Guest Blog

Walter Rodney Lives!

Seminal is a word frequently used to describe 'How Europe Under-developed Africa', Walter Rodney’s opus magnum that swiftly extended itself far beyond its academic crucible when published in 1972. Not since Frantz Fanon’s 'Wretched of the Earth' had a writer so widely transformed how Africa was seen and researched. Rodney’s gift was his ability to synthesize centuries of history around a truism stated clearly early on in the book: “For the greater part of Africa’s history…the changes have been gradual rather than revolutionary;” the result of centuries of outside exploitation.

A psychiatrist’s damning indictment of 500 years of racism – now revived by Trump and 9/11

Suman Fernando is a gentle soft spoken  consultant psychiatrist, lecturer and honorary professor at the London Metropolitan University.    The 85 year old is not the sort of person at first sight to produce such a searing critique of racism in the UK and the US and the baleful role psychiatrists have had in treating ethnic minorities in both countries.

Supreme Court ruling opens way for legal action against Michael Gove and Liz Truss for racial discrimination and victimisation

Read our guest blog by David Hencke

UPDATE: At a Press Gallery lunch in Parliament last week I raised the issue of the Supreme Court ruling and the potential case to be brought by three judges with David Lidington, the current Lord Chancellor and Justice Secretary.

Mad World

Authors and book cover

A quick Google search defines mental illness broadly as, ‘a condition which causes serious disorder in a person’s behaviour or thinking.’ When we live in a context where a “serious disorder” is often attached to acting and speaking out about racism rather than being racist, we must be critical about our own understandings of mental health and how they have been constructed by those with power.

The Importance of an Intersectional Approach in Social Research

Quote by and pic of Audre Lorde

“There is no thing as a single-issue struggle because we do not live single-issue lives.” – Audre Lorde

In researching BAMER issues in the UK, it is important not to homogenise racial struggle and instead understand the diversity of identities that are present in different racial groups. For this, it is important that we view things from an intersectional perspective.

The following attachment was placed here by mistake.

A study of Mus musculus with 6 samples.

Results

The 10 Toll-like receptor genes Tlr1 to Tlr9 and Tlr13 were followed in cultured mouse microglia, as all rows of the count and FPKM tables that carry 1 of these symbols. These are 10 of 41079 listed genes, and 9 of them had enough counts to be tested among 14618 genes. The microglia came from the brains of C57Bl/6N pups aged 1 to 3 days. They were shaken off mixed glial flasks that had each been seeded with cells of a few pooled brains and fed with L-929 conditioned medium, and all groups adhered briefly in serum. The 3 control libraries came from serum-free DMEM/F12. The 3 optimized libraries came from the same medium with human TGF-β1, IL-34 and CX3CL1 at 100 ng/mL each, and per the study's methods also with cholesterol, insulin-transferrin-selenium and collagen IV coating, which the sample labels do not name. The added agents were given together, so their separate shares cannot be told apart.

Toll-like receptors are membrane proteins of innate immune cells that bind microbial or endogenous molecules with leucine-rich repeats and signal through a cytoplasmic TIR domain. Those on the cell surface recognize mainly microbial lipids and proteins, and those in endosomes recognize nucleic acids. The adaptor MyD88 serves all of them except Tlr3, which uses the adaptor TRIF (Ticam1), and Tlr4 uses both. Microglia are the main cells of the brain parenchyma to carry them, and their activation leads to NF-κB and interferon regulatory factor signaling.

Spreading Confusion, Potentially Inciting Hatred - Trevor Phillips’ Route to ‘Active Integration’

Trevor Phillips

Anyone reading the recent ‘Civitas’ publicationRace and Faith: The Deafening Silence byTrevor Phillips with commentaries from David Goodhart and Jon Gower Davies, who knew nothing about Phillips could be forgiven for assuming that he was a protégé of or speech writer for Donald Trump, or at least a spokesman for UKIP.

Sanneh and Others – access to welfare for Zambrano carers

Laughing child

If citizenship is the fundamental status for EU citizens, what is its substance for child citizens who are too young to enjoy the rights set out in Articles 21-23 TEU to work, travel, vote or petition the EP? What does the principle in EU law of ‘genuine enjoyment of the substance of citizenship’ mean if you are a child? And what are the implications for your parent or parents? These are central questions for a specific group of children now growing up across the EU – those who themselves hold EU citizenship but their parents do not.

Why the Conservative plan to scrap the European Human Rights Act could be bad news for BME rights in the UK

Judge banging on gavel

The Conservative plan to replace the European Human Rights Act with a British Bill of Rights could be disastrous for BME communities who enjoy the protection granted by European authorities against unjust deportation, discrimination and the inequalities of the British system.

A second generation south-Asian girl from north-west England

Anushka Asthana

I cringe when I remember an uncomfortable conversation with a female cousin in the 1990s. She ticked me off for what she saw as my arrogant assertion that life in the UK was superior to what she had in India. In my mind - and clearly spewing out of my mouth - was the sentiment that Britain had better roads, better schools, better dress sense, better humour and even (what was I thinking!?) better weather. Perhaps that is why growing up I never really delved into my parents' decision to emigrate in the 1970s. To me - a second generation south-Asian girl from north-west England - it seemed an obvious, life-enhancing choice. It was when those opinions were turned on their head back at home - that it became obvious they were driven less by rationality and more by insecurity about where I belonged.

In Greater Manchester I tried to distance my life from its Indian roots. It's awful now to think back about how I'd be embarrassed of walking with my mum at the shops if she was wearing a traditional salwar kameez, or if she spoke Hindi loudly in public. On the occasions that I would wear a sari to an Indian event I would go to great lengths to avoid being seen by white neighbours, crouching down as I ran from the front door to the car. Perhaps worst of all was the way I felt pleased when a local teenage boy once declared that I was "different to other Pakis". After all I was a girl who daydreamed about what it would be like to have white skin and an English name. Once, when I was very young, I even rubbed talcum powder into my face in a bid to lighten up.

Racism in the delivery of mental health services

Suman Fernando

For many years, black and some other minority ethnic groups have been badly served by our mental health services. Some of the problems can be attributed to the fact that services have not adapted adequately to the fact that the understanding of what is ‘mental health’ and ‘mental illness’ is culturally determined and ‘one size does not fit all’. However, there has been mounting evidence that institutional racism too plays a major role.